Deadliness of a Maximum Viable Product

Deadliness of a Maximum Viable Product

Everyone wants to design an app bulked out with great features because this idea of “bigger is better” is embedded in us. We want our work to succeed, and often times our eyes are bigger than our stomaches can handle. To obtain a Maximum Viable Product from the get go is a stretch.

A Maximum Viable Product (Max VP) is a product that has just those features that allow it to be successful and no more. It is a product that is as good as the market will bear. When you shoot for a Max VP your shooting for perfection; you’re aiming too high, too fast. Max VP is reached when you’re at the top of your game. Your product is finely tuned right down the final stitch. Building a company around Maximum Viable Products is hard, it’s not impossible, but often people tend to bite off more than they can chew.

The problem with Max VP is that nobody needs a maximal product — well, maybe the 1%. It is a luxury item like a Bugatti Veyron; how many of those do you see on a daily basis? Maximal products are mesmerizing, appealing, and well, foolproof. Maximal products represent quality and focus, craft and skill, but what does your average customer really want? Why spend money on a Bugatti when you can pay less for something as nice as a Kia Optima. There are no shortage of free apps because consumers are drawn to “free.”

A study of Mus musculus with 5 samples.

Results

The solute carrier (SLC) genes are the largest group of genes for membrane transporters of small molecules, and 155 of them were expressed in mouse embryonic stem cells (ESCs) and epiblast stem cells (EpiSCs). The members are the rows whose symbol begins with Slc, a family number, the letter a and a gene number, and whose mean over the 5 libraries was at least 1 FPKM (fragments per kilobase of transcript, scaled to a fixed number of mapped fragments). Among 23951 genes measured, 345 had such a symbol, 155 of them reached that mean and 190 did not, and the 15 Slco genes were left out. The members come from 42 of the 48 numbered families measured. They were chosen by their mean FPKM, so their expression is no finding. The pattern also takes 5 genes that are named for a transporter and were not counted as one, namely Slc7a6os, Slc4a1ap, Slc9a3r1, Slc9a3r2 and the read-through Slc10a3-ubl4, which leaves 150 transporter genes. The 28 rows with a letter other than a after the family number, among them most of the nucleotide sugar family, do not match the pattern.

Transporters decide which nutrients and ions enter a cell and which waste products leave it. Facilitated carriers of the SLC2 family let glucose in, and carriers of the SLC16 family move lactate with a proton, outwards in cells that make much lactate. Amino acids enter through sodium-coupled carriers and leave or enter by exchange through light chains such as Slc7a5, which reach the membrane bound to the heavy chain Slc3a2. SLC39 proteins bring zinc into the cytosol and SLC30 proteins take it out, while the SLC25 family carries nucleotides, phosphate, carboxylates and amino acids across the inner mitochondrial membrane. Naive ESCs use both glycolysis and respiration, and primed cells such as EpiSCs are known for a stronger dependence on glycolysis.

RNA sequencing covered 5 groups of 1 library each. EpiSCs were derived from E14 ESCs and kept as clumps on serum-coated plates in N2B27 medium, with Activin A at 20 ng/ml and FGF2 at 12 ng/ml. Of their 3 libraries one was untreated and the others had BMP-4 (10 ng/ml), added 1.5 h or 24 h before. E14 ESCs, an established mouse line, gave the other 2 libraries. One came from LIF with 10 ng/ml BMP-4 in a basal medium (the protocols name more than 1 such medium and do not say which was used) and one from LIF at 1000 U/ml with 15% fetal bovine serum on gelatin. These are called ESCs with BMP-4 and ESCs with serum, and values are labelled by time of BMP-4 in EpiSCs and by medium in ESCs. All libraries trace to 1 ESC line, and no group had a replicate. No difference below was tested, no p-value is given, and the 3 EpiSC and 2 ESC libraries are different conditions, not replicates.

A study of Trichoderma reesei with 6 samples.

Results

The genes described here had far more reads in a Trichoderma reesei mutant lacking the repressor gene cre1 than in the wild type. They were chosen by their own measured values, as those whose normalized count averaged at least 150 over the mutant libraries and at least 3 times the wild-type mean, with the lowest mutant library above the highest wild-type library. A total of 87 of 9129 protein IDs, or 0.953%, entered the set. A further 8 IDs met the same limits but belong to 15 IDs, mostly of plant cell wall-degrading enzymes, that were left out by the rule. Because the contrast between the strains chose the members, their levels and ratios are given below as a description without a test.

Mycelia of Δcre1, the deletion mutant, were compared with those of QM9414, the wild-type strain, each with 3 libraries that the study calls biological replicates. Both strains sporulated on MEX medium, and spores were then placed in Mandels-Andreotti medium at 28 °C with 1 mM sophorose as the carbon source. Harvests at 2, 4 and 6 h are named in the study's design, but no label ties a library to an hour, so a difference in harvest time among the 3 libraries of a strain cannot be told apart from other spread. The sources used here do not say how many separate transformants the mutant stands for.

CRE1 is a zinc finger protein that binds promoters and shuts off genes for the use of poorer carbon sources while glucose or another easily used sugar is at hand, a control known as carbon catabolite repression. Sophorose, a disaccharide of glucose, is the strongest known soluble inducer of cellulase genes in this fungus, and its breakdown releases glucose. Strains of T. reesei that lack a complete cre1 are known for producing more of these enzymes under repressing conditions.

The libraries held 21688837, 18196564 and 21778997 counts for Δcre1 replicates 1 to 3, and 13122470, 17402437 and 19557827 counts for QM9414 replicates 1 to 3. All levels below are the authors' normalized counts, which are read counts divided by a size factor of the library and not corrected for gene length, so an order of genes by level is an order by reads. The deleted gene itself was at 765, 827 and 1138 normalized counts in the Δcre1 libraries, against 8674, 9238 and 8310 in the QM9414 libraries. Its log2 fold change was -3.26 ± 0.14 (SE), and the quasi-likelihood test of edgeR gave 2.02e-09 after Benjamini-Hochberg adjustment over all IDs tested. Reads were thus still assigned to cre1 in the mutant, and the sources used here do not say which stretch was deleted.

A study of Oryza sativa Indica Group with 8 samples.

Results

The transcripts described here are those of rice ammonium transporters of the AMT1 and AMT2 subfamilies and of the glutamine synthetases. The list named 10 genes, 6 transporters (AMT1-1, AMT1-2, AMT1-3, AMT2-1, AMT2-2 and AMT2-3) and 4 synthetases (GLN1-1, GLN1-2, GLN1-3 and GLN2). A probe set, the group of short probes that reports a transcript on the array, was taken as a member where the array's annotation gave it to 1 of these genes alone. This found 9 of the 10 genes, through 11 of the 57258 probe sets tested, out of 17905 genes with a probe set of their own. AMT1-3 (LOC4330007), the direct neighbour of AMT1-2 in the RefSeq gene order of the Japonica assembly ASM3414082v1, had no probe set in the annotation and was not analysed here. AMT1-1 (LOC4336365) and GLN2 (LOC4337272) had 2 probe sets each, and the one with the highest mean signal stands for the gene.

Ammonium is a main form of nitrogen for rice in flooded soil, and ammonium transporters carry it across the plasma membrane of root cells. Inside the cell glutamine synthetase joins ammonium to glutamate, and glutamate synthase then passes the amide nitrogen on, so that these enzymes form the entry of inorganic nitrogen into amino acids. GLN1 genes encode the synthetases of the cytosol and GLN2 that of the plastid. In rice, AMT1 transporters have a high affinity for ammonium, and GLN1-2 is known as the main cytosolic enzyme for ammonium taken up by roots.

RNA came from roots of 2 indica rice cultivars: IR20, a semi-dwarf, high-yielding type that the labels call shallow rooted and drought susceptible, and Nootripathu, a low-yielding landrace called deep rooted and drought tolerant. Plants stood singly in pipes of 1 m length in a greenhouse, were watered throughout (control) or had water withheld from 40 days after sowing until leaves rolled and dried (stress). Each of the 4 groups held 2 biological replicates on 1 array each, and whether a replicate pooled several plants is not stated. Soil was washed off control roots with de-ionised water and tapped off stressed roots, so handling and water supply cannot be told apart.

A Minimum Viable Product (MVP) is having just those features that allow the product to be deployed, and no more. Plenty of apps with the bare minimum feature set have actually seen the light of day. Less is more. Customers don’t choose a product based on the amount of features it holds, they choose a product based on their desired outcomes and stick with them because of the user experience. MVP is often less expensive than using a product with more features which increase costs and risk in the case where the product fails — for example, making incorrect assumptions.

For every feature you add beyond the core feature set, you are making an assumption of what consumers want and that’s dangerous. Don’t assume you have mastered your market. We hate to see clients fall under the category of “narcissistic marketing.” We know how difficult it is to be your own critic, but don’t add what YOU want to see; your target market’s needs and wants come first. We often find ourselves warning clients to steer clear of this category because they are on the brink of failure.

The more specific you are in narrowing down your target market, the better off your app business is. That’s your starting point, not your end point. Facebook started out by targeting college kids, and now your grandma has a profile. Let your audience depict what’s next. It’s okay to start small, and to be choosy about who you gear your product towards. Once you’ve mastered that, that’s when you can build.

Robert Patrick

[email protected]

Founder & Chief Architect Robert ("The One") started writing software at 12 years old, and founded PhD in the 1990′s at the age of 18. His philosophy is that working hard/playing hard, honesty and pursuing your true passion will lead to success and happiness.